Stranger Than Fiction
Valentine’s Day fell on Ash Wednesday this year. These days probably mean little to those who didn’t share my upbringing. Growing up Catholic, these two days hold a particular importance on my calendar. Ash Wednesday represents the first day of Lent, a holiday where Catholics fast for 40 days to symbolically commiserate the journey Christ had in the wilderness and how he was tempted by the Devil. Valentine’s Day remembers the life of a martyr who committed himself to realizing love through the grace of God.
I realized that these two holidays occurred at the same time only after I reflected on what happened in the news that day. Over the course of the week, I have obsessively read and reread articles about the shooting at Marjory Stoneman Douglas High School. seventeen people have died as of Sunday. Four people remain in the hospital. The news cycle is moving in its all too familiar way. Students, staff, and family have responded with unfathomable sadness. The issues at hand are being politicized, some politicians garnering more attention than others in their discussion of the event. Issues of race and privilege have resurfaced as the shooter is white. Discussions of mental health have been shared every day.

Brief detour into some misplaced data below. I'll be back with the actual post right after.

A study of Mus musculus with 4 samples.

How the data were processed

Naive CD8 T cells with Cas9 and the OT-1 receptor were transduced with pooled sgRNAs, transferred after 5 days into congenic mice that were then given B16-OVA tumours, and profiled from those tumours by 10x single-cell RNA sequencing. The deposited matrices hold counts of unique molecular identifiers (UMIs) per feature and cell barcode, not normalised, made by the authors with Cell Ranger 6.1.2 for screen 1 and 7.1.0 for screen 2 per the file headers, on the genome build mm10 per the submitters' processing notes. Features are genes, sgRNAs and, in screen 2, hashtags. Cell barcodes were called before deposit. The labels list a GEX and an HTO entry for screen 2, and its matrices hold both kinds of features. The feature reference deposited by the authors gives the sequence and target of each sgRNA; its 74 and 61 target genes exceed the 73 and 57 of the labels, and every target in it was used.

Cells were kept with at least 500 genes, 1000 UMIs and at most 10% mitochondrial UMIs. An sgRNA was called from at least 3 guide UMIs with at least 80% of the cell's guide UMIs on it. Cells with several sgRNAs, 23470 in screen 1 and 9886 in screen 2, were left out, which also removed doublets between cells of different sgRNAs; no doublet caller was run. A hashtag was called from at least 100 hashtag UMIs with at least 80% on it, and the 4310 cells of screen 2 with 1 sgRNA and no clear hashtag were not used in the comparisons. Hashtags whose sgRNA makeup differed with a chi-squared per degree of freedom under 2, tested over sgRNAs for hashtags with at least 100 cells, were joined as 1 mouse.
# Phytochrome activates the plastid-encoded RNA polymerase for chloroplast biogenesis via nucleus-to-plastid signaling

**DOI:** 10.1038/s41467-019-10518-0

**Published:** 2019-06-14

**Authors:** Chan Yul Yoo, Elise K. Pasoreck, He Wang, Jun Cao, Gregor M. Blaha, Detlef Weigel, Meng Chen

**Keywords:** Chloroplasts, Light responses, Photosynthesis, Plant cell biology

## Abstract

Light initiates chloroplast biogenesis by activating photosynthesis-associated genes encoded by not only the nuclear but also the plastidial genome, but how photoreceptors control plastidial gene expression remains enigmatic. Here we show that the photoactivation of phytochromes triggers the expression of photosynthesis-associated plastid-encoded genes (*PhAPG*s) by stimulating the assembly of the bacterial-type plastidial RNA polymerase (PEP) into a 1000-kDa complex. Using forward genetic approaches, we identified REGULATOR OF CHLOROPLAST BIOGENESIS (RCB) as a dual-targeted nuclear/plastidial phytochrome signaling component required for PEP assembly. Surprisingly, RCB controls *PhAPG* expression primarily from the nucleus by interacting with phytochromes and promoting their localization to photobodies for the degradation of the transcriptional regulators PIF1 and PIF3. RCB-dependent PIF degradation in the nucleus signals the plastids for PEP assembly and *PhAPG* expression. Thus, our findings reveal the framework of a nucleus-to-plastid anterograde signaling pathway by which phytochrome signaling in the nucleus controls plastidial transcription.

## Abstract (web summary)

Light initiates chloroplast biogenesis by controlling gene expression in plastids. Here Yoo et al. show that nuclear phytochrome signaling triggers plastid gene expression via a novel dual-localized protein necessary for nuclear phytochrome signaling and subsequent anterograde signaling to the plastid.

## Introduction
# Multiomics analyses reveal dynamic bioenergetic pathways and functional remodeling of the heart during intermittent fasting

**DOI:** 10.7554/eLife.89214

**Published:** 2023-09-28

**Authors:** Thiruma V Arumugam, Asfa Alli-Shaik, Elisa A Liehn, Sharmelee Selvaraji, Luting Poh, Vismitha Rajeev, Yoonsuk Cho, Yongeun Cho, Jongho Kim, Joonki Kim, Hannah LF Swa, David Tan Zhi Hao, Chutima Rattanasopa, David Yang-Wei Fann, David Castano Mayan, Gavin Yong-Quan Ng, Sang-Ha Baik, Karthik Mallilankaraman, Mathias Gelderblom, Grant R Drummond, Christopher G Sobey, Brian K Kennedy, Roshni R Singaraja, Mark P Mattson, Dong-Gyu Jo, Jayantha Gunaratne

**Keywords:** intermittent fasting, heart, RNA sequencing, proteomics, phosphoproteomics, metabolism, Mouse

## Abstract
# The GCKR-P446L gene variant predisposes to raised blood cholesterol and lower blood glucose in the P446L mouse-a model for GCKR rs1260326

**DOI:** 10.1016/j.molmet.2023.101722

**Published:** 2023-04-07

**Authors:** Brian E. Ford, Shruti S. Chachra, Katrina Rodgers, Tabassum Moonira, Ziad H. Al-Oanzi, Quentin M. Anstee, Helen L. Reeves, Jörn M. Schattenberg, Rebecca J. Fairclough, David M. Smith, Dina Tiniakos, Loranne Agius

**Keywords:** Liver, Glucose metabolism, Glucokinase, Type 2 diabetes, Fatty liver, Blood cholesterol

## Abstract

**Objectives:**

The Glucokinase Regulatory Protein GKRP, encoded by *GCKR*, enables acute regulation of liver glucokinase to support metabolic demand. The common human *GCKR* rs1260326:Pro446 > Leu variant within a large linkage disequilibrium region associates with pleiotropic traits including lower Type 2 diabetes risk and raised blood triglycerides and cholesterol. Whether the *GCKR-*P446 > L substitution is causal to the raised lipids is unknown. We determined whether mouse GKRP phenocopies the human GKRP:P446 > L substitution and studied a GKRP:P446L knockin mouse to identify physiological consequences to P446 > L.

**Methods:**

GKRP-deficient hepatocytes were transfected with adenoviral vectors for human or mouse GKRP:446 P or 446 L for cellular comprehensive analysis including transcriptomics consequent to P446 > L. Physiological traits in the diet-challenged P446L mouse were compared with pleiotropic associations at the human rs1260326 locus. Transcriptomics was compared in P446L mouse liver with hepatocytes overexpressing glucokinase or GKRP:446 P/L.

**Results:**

I have been having a hard time processing the information at hand. There’s so much temptation to avoid the noise. I wish I didn’t have to read these things. I wish I didn’t know I could see videos of students under fire online. I miss the days I thought all people were capable of the type of kindness I heard of in sermons.
Yet I learned through my faith that beyond the evil of the world, there are still shreds of goodness. As I read reports of one student dying because he held a door for students to run through, I fell apart. On a day that called for sacrifice and unrelenting love at the same time, one high schooler lived those virtues to his last breath.
I can’t read that story and walk away broken. I still can’t comprehend his kindness. It outweighs every other temptation.